Having been fined $100,000 (£50,000) for attacking a fan, warned for drink-driving offences, accused of keeping a machete in his car and sentenced to three years' probation for beating up his driver, Busta Rhymes knows about modern urban life.
So the American rapper might seem a strange choice to help boost the credentials of those, including the London Mayor, Boris Johnson, who are trying to combat the surge in gun and knife crime in the capital.
But Rhymes, real name Trevor Tahiem Smith Jnr, is coming to Britain to lend his weight to the campaign. He has promised to perform at the Royal Albert Hall on 26 September, in a concert organised by Orange RockCorps, a social enterprise.
"I want to do something productive that will help convince kids on both sides of the Atlantic to stop killing each other," Rhymes told The Independent.
"We are seeing a generation of children who are lost and in need of support. Their families are breaking down around them. They're turning to gangs and violence. We need to tell them that is not the right answer."
Tickets for the concert will not be available for sale, instead being awarded as prizes to young people who have taken part in volunteer projects. The RockCorps enterprise, which has already enlisted 100,000 volunteers in America and hosted 20 concerts, will be making its debut in Britain.
Mr Johnson said: "I am hugely impressed by the Orange RockCorps initiative, and by the willingness of big names like Busta Rhymes to take part." He added that the concert would be "a great example of how music can have a profoundly positive effect on society".
Stephen Greene, one of the co-founders of RockCorps, said Rhymes was an inspirational performer and had "proved his commitment to volunteering over many years".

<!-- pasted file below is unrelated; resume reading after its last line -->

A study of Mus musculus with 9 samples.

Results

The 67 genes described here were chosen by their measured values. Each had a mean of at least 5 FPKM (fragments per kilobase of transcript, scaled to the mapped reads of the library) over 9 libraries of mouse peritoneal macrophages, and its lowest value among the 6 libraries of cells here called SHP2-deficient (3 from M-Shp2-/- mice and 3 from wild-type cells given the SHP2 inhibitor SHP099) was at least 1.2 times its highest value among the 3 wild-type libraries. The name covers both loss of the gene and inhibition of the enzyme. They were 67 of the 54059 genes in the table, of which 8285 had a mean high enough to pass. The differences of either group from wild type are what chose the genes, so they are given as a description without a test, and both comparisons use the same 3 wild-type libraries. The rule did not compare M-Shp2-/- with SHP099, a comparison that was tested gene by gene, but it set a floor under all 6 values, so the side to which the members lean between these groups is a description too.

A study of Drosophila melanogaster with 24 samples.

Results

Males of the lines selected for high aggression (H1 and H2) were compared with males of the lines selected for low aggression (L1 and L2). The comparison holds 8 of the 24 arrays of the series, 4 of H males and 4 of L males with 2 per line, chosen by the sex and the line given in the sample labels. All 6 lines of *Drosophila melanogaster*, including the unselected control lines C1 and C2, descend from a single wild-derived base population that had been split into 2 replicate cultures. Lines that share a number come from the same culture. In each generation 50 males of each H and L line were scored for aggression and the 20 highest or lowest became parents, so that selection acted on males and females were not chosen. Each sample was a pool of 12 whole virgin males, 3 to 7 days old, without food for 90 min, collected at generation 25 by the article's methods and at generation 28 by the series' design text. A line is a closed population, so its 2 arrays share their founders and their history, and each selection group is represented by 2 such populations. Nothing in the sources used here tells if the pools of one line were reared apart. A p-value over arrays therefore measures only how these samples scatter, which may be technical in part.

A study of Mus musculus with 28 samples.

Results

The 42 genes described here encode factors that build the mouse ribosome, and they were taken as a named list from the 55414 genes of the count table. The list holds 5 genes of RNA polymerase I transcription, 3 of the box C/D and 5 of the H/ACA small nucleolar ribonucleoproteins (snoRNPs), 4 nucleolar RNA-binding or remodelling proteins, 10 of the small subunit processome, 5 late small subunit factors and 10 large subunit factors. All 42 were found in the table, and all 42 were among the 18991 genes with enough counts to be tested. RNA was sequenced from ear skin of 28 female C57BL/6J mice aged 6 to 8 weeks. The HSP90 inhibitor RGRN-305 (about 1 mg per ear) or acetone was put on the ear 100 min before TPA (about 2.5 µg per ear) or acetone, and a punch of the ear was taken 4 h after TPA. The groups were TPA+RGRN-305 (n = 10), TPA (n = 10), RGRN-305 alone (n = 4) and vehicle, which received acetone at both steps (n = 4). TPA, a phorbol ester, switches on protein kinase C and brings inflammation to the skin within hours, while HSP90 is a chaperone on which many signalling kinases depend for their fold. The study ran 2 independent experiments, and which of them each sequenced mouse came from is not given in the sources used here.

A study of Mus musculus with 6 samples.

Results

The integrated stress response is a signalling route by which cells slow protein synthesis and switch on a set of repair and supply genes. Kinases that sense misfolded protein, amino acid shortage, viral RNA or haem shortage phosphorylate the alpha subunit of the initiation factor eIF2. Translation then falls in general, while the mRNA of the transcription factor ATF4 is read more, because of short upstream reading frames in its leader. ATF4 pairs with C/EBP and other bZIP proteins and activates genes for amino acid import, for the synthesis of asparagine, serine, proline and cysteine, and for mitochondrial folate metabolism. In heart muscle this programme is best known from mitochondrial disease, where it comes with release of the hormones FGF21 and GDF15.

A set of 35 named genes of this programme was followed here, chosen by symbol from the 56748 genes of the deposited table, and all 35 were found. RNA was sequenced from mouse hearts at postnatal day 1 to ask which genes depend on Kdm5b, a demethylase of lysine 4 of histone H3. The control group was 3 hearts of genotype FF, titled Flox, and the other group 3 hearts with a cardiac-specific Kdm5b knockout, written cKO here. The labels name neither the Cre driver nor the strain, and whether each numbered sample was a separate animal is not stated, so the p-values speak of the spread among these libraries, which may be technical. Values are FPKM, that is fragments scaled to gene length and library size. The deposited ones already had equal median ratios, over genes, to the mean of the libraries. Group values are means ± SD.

But doubts have been raised about whether or not his criminal record will prevent him from entering the UK. Three weeks ago Martha Stewart, the US television host, was barred from entering Britain as she had been jailed for a federal offence. Others who have been banned include the Islamic preachers Louis Farrakhan and Yusuf al-Qaradawi, as well another rap singer, Snoop Dogg.
Busta Rhymes, 36, is prominent in the urban music scene in America, his fast, abrasive delivery giving him a distinctive style. Two years ago he was fined $100,000 after beating up a fan who spat at his car. Two months later he appeared in court accused of possessing weapons and keeping a machete in his car. He was cleared. In March this year he was given three years' probation and 10 days' community service, and fined $1,250 (£630), for assaulting his former driver. A spokesperson for the UK Border Agency said: "We continue to oppose the entry to the UK of individuals where they have been found guilty of serious criminal offences abroad."
Mark Stephens, of the law firm Finers Stephens Innocent, said: "If we are to have equality before the law, and this man is a repeat, violent offender, clearly he should not be allowed in. Martha Stewart was convicted of lying to federal agents, which we don't even recognise here. The crimes for which Busta Rhymes has been convicted are of a different nature. They seem clearly to fall into the category that requires the Home Office to exercise discretion."